POSTED: 1:30 a.m. HST, Aug 24, 2010
Chronic obstructive pulmonary disease consists of several diseases, including chronic bronchitis and emphysema. COPD blocks airways, making it difficult to breathe. It's the fourth-leading cause of death in Hawaii and the nation. COPD can't be cured but it can be managed. Getting tested early can help you keep the disease from worsening.
More than 85 percent of cases are due to smoking, according to the National Lung Health Education Program. Other causes include secondhand or environmental smoke, asthma, prolonged exposure to dust and chemicals, frequent respiratory infections or genetics. The prevention is not to smoke.
I remember a 45-year-old patient, Mark, who came in to talk about COPD:
Mark: Doc, my father recently died of COPD. I'm a smoker, and I'm worried that I'm heading down the same path.
Dr. O.: You're right to be concerned. COPD is extremely common and serious. Why do you think you're headed the same way?
Mark: My dad smoked a lot. It always sounded like he was coughing up something. As he got older, he became short of breath all the time and wound up on oxygen. I've begun to cough a lot, and sometimes cough up yellow phlegm.
A heavy smoker for 25 years, Mark had a history of coughing that seemed to be worsening. He felt OK during day-to-day activities but was short of breath during exercise or strenuous efforts. Although he had no severe symptoms, I was concerned.
Dr. O.: I'm afraid that your symptoms might be early indications of COPD. We should do a few tests. I'm going to order a chest X-ray and spirometry test.
Mark: What's that?
Dr. O.: It's a machine you blow into that records how much air you can exhale and how fast you do it. It's quick and easy, and the best way to diagnose COPD.
Mark scored below average for his age and size on the spirometry test, an indication of COPD or asthma. To rule out asthma, I had him use an inhaler, then repeat the test. When his reading was still below average, I had to give him the bad news.
Dr. O.: Unfortunately, your suspicions were correct. Your tests indicate that you are in the early stages of COPD.
Mark: Oh no. This is horrible news. I should have known better. I should have learned my lesson after watching my dad. What do I do now?
Dr. O.: A few lifestyle changes will make a big difference. The first step is to quit smoking right away.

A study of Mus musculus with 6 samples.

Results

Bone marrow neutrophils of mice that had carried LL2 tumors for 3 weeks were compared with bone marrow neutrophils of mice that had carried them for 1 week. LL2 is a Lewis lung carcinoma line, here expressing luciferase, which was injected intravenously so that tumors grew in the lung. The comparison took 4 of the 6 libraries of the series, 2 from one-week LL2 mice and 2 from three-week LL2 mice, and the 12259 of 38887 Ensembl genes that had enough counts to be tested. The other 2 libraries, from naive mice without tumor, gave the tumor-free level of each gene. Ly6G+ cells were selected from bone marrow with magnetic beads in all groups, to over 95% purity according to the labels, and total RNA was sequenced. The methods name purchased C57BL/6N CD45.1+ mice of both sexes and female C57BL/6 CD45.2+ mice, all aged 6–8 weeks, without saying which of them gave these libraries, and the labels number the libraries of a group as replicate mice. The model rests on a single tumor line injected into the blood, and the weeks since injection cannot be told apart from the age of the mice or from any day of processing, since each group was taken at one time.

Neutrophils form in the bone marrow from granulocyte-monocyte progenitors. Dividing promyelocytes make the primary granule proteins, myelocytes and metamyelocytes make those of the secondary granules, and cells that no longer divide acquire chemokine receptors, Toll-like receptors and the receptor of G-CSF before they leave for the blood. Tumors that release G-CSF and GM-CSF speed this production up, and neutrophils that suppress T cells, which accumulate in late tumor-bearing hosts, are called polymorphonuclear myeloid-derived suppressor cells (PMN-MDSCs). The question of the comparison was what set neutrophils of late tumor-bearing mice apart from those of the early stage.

Mark: Isn't the damage already done?
Dr. O.: It's never too late. By quitting now, you'll help lessen your symptoms and prevent further damage. And, as you know, there are lots of other health benefits.
We discussed symptoms he might experience, such as shortness of breath and lingering respiratory infections. We also talked about medicines that could help him manage the disease and the importance of routine spirometry tests to see how he was progressing.
I gave him information on a quit-smoking class and medicines that could help. We talked about other factors, like diet and exercise. I told him that carrying extra pounds puts additional stress on the heart and lungs. Exercising can help people lose weight and improve heart and lung function. It's also important to reduce the amount of salt you eat. Salt causes fluid retention and can raise blood pressure.
As I continued seeing Mark regularly over the years, I was delighted to find that he had quit smoking. He still showed many COPD symptoms, but he was fighting it the best he could and seemed happy and healthy. I will always remember Mark because he is a true example of how to keep a chronic disease from taking over your life.
If you are at risk for COPD, talk to your doctor about getting tested.
A spirometry test is the only way to confirm it. To reduce your chances of developing COPD, don't smoke. If you have COPD, HMSA's Care Connection disease management program can provide education and support.
The earlier the condition is detected, the easier it will be to manage. Talk to your doctor right away. It could be a breath of fresh air.